Friday, September 9, 2016

Book Review: The Three Stigmata of Palmer Eldritch

© 1964 by Philip K. Dick

More than once have I cried out in these electronic pages the exclamation, “Hollywood, make a movie out of this book!”

I cry it now yet again on the occasion of completing The Three Stigmata of Palmer Eldritch.

PKD is always a treat to read. Things are never what they seem, initially, when you travel the first few chapters of one of his works. That is the best thing about them, to me, and when the mystery unfolds and you see the implications geometrically exponentially warping outward in three dimensions from the few and simple set of criteria postulated, well, that to me’s the second best thing. Or maybe it’s better than the first best thing. Either way, the reader’s a winner.

It’s been a while since I opened one of Dick’s books. I went through a phase in the second half of 2005 where I read The Man in the High Castle, Ubik, The Collected Short Stories, and an unauthorized biography of the man. Later I read VALIS, The Broken Bubble, Time Out of Joint, and took a swing at The Exegesis (which deserves to be bought and studied with compass and protractor). When I spent a week in Paris I contemplated buying one of his paperbacks in French.

Anyway, all this is mentioned, I suppose, to establish my bona fides. Whether it does or doesn’t, I dunno. I claim no expertise; I am merely a town crier crying out when I’ve read a decent book. Or thundering commands at Hollywood. TTSOPE is such a good read, engendering the best compliment any book can suffer: I didn’t want it to end.

The action takes place in the far-flung future of the 21st century. Large swathes of Solar System real estate have been colonized (due in part to extreme global warming on the home world), often at the muzzle of a UN gun. To help overcome despair at being forced onto desolate worlds, a drug known as CAN-D spreads planet to planet, enabling disenfranchised earthlings to hallucinate that they are part of some bizarre Ken and Barbie perfect world (known in the book as “Perky Pat”).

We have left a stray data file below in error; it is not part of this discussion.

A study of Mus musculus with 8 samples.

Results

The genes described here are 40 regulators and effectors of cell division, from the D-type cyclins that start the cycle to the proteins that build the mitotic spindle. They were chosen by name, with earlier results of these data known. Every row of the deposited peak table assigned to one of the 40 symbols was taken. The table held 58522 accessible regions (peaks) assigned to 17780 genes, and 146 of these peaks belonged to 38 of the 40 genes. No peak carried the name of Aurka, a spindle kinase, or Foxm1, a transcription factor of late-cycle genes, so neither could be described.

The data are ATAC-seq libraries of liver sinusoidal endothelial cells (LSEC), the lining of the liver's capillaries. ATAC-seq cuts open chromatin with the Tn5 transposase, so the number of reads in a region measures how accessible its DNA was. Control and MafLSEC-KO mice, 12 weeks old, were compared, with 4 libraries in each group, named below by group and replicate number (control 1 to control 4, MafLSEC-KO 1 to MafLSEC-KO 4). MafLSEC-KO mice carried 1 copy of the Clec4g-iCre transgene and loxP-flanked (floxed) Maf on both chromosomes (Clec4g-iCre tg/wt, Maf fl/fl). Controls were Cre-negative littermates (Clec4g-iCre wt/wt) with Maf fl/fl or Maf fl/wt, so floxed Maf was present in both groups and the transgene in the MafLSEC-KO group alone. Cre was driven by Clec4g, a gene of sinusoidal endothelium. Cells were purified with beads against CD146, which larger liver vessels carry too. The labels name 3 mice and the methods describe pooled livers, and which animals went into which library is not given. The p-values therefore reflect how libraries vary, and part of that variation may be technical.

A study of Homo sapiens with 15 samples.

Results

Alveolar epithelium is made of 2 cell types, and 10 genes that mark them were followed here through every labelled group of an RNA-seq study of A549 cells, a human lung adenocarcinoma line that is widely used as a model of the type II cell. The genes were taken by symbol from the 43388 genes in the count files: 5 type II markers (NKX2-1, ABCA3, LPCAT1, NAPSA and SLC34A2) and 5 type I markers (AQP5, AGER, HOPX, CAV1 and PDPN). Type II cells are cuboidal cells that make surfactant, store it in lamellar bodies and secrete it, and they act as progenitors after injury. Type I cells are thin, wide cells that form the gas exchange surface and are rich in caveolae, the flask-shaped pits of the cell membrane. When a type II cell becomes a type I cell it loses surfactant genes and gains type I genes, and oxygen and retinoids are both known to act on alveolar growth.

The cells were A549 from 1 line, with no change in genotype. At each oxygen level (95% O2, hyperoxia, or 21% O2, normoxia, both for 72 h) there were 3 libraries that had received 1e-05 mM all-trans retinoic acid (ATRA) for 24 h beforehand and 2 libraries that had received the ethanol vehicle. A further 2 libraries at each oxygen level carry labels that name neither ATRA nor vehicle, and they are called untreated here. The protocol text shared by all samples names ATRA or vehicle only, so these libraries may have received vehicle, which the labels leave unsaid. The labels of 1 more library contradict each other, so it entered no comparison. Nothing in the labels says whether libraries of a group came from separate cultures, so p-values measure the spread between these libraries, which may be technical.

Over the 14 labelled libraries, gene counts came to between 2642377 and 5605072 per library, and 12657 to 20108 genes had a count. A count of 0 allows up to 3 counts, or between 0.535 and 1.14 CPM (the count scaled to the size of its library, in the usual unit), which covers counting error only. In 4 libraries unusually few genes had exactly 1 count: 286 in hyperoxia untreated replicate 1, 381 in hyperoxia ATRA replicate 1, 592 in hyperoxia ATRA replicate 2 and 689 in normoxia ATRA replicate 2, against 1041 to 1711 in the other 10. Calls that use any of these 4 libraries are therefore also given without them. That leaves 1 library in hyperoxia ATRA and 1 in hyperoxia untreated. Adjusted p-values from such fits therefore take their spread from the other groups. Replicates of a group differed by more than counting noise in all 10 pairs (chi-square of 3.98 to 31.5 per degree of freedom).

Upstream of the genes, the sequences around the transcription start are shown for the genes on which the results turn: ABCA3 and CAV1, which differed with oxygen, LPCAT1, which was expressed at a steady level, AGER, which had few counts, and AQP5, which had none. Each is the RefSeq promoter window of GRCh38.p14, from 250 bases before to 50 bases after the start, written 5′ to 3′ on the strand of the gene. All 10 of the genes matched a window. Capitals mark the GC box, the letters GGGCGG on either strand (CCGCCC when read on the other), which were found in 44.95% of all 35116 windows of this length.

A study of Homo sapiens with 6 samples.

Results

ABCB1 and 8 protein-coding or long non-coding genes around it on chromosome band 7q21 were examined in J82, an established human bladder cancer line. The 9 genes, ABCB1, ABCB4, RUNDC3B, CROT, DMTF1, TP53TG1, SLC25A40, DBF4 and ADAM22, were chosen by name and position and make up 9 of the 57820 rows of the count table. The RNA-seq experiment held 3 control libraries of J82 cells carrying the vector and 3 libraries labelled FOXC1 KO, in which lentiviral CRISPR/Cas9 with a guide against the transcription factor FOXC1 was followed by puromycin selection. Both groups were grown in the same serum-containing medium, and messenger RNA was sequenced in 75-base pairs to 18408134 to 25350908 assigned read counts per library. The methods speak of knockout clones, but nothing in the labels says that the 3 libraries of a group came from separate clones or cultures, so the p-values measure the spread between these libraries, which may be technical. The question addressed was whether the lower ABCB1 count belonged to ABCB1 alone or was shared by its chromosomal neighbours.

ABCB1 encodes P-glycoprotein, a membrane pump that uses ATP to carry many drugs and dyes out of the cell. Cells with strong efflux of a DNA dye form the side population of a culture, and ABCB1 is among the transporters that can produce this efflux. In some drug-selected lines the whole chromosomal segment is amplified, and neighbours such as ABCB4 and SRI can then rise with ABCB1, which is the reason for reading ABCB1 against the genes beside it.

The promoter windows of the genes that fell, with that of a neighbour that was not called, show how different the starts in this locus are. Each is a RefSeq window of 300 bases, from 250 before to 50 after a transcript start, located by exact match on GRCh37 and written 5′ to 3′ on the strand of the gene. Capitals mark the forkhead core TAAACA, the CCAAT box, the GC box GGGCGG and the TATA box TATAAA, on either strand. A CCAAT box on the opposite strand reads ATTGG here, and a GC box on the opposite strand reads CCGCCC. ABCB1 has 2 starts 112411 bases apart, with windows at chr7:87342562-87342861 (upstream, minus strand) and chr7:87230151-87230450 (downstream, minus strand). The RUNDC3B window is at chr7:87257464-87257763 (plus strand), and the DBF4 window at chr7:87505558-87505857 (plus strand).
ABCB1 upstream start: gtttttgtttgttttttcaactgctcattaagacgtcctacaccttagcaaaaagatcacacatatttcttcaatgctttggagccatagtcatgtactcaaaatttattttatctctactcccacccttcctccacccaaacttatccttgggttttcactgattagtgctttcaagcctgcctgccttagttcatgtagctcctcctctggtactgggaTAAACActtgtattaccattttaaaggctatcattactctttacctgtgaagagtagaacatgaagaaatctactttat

Meanwhile, infamous Palmer Eldritch has just been rescued on Pluto, returning from the Proxima Centauri system after making a First Contact of sorts. It’s revealed that he has brought back with him CHEW-Z, a drug to rival CAN-D. Eldritch’s drug enters the market and both he and his product come to blows with Leo Bulero, the CAN-D kingpin.

It is at this point where things twist strange, and what you think is real may not, in truth (and what is truth?), be real (and what is real?)

Bulero somehow finds himself on CHEW-Z, finding himself in an entirely new universe, one constructed by Palmer Eldritch. The laws of physics or evolution do not hold. Nor do the laws of sanity, as Leo begins to doubt his own. He soon realizes that he can never quite tell where or when his drug trip ends, if end it ever does.

Now – do we have a dream within a dream? Or are things much weirder? Does the story end with Leo taking CHEW-Z, or is this anything/everything from an alien invasion, a forced march into group consciousness, or the birth of a new religion? Or bits and pieces, the best or worst, of each, combined with other scenarios and possibilities that may have escaped my distracted mind whilst reading the novel? And who – or what – exactly is Palmer Eldritch, and is he the same being who left Earth before experiencing the Proxima system?

With so much at stake, and so much up in the air, and with so much invested in the troubled characters, I felt the lean feel of the book (188 pages in the version I read) somewhat inadequate in its lean-and-mean-ness. But after reflecting upon it a few days, I think it’s the perfect length, and it answers and non-answers everything perfectly.

And the more I think about it, the more the underlying sense of horror coalesces and magnifies. Think the 1978 remake of Invasion of the Body Snatchers, directed by Philip Kaufman, and you’ll see where I’m heading.

Grade: solid-A.

NB. The “three stigmata” are Palmer’s artificial mechanical arm, his artificial black-slit eyes, and his artificial metallic jawbone. I forget what the books says about them (they are mentioned quite frequently, and often bystanders will suddenly manifest one or more stigmata), but Wikipedia tells me they represent “alienation, blurred reality, and despair.” Seems about right.